Fathers sleep a lot, and they snore loudly. When they're awake, they like to fish or golf, but they're comically bad at both. They drink so much beer they're practically alcoholics, and they're complete couch potatoes, always watching television and hogging the remote.

Fathers sleep a lot, and they snore loudly. When they're awake, they like to fish or golf, but they're comically bad at both. They drink so much beer they're practically alcoholics, and they're complete couch potatoes, always watching television and hogging the remote.

At least, that's the less-than-favorable image of Dad on Father's Day greeting cards. It's a striking contrast to the poetic praise often expressed at Mother's Day. Many men say they are tired of the "put-down" cards and would like some affirmation for a change — and at least one greeting-card company is listening.

One father in Washington, D.C., who used to stay home with his kids and blog about his life as an at-home father, says the golf and fishing cards don't bother him, but he doesn't like the ones that make dads look incompetent.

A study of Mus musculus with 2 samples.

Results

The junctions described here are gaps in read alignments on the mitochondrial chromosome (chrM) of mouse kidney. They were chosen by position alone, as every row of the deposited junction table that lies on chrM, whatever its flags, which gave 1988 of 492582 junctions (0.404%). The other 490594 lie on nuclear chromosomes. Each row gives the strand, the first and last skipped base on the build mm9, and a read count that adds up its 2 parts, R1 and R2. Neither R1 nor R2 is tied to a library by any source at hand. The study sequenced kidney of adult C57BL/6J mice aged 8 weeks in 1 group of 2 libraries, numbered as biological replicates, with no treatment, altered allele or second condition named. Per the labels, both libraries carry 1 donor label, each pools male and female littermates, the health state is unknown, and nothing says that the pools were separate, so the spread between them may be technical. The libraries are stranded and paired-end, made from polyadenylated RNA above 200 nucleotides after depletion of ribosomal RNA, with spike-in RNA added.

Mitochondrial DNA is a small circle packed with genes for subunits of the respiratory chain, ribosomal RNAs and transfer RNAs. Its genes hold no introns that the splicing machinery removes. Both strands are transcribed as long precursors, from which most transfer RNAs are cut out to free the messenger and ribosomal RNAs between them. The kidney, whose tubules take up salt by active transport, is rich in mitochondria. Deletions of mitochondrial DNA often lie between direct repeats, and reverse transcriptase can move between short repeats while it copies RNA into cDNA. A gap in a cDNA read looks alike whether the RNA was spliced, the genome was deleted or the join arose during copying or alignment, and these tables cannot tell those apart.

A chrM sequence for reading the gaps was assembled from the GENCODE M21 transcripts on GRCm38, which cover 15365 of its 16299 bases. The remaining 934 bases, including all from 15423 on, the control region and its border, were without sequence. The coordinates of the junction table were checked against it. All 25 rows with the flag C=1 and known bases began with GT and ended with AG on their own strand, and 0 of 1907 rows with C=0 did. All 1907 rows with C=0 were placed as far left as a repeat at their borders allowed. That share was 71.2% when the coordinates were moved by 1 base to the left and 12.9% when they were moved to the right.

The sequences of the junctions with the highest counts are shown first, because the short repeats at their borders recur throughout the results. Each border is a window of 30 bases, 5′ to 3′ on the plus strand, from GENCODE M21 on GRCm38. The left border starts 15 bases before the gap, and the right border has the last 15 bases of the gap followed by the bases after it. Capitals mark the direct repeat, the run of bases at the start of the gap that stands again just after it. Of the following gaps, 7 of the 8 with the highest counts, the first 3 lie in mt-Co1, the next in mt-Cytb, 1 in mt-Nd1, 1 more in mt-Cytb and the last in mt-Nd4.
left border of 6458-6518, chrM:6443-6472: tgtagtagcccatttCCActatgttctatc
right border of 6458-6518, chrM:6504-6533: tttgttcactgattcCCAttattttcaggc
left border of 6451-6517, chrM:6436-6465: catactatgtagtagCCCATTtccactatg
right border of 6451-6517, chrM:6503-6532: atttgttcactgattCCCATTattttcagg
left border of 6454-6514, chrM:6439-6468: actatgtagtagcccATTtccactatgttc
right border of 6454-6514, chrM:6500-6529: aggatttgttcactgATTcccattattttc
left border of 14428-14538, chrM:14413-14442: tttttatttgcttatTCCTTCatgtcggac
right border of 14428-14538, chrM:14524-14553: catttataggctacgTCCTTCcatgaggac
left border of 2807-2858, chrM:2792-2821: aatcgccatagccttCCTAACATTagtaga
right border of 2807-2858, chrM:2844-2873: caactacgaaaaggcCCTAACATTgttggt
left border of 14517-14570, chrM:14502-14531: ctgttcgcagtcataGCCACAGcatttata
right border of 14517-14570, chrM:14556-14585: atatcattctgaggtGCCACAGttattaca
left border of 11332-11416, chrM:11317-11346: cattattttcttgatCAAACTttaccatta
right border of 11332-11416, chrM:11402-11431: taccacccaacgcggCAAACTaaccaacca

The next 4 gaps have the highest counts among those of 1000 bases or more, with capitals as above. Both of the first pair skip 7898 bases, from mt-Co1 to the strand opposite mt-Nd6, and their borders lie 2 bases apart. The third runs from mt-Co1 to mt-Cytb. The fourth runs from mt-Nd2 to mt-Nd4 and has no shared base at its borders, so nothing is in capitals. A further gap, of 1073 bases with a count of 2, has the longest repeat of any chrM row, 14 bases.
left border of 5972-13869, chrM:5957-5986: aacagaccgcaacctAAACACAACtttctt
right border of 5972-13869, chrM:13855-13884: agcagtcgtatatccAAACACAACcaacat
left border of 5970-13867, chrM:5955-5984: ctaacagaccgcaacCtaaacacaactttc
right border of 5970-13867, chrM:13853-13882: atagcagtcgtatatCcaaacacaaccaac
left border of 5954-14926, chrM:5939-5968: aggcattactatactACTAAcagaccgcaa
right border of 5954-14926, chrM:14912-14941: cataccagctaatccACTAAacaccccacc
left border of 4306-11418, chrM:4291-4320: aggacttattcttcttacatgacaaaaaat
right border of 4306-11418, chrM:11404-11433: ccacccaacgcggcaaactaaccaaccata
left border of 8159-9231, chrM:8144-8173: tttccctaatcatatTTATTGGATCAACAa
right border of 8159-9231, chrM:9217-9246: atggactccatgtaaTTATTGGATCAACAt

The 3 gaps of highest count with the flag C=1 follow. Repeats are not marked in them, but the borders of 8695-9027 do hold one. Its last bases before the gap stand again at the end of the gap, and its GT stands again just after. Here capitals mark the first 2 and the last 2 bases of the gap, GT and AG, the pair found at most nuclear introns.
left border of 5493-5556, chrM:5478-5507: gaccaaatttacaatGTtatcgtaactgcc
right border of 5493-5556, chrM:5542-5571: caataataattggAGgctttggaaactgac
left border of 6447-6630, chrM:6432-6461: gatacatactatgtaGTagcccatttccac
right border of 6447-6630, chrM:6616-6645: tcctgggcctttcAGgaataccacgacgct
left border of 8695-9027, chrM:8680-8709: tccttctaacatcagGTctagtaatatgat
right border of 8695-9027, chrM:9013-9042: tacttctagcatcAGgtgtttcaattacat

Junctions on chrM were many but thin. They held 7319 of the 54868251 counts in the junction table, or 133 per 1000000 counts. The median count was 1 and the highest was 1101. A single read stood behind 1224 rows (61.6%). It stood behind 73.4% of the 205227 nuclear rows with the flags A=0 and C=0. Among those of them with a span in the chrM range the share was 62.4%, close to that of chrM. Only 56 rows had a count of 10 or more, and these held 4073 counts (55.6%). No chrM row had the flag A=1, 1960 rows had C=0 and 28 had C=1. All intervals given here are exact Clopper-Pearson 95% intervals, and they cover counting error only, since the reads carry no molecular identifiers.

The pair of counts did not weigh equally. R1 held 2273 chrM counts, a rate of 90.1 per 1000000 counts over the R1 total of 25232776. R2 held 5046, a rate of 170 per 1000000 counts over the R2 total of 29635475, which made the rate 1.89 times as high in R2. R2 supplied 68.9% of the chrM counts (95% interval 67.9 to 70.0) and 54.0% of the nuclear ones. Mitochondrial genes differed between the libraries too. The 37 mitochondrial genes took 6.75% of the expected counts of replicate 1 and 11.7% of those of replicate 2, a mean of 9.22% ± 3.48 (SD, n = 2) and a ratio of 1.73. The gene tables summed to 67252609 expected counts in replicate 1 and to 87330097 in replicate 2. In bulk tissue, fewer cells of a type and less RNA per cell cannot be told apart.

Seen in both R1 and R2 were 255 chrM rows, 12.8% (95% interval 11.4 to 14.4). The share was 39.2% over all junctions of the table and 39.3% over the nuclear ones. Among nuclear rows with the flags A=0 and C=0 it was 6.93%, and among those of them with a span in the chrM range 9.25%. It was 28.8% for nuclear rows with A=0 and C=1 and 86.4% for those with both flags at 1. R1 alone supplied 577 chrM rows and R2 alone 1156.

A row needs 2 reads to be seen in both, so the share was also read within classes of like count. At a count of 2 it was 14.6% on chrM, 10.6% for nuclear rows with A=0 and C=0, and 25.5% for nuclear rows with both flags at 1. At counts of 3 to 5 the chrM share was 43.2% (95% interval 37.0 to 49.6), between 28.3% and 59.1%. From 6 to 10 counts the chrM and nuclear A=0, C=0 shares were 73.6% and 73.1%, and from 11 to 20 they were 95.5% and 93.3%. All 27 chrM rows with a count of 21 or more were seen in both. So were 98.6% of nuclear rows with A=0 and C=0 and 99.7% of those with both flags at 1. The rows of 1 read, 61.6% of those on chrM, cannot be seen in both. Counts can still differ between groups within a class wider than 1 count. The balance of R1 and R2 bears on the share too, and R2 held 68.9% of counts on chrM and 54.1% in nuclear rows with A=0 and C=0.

"This idea that men are somehow biologically incapable of caring for their children is the sort of thing that I don't find particularly funny," said Brian Reid, father of two.

Greeting cards can be a good litmus test for the way society perceives various relationships and people. Companies want to sell cards, so they aim to hit a spark of truth. But generalizing in order to reach people can lead to stereotypes that then get perpetuated and take on a life of their own.

One Hallmark card this season showed a cartoon depiction of "When dads pack lunches." In the picture, some kids are eating lunch together, and one says, "Looks like I got a peanut butter and salami sandwich and a can of WD-40."

But our culture might be headed away from that and offering credit to both units in the parental pack. Hallmark says it is offering more positive cards this year.

"Men have told us they would like to feel a little more appreciated," said spokeswoman Deidre Parkes. "That doesn't mean you can't give your dad a funny Father's Day card, but it can be maybe complimentary humor rather than a negative card."

Indeed, the greeting card industry might be getting the hint. Other than the small handful of "put-down" cards, Father's Day greetings are appreciative and often quite mushy.

"I love you just like I did when I was little ... only now I appreciate you even more," reads one.

This Father's Day remember: Dads are people, too.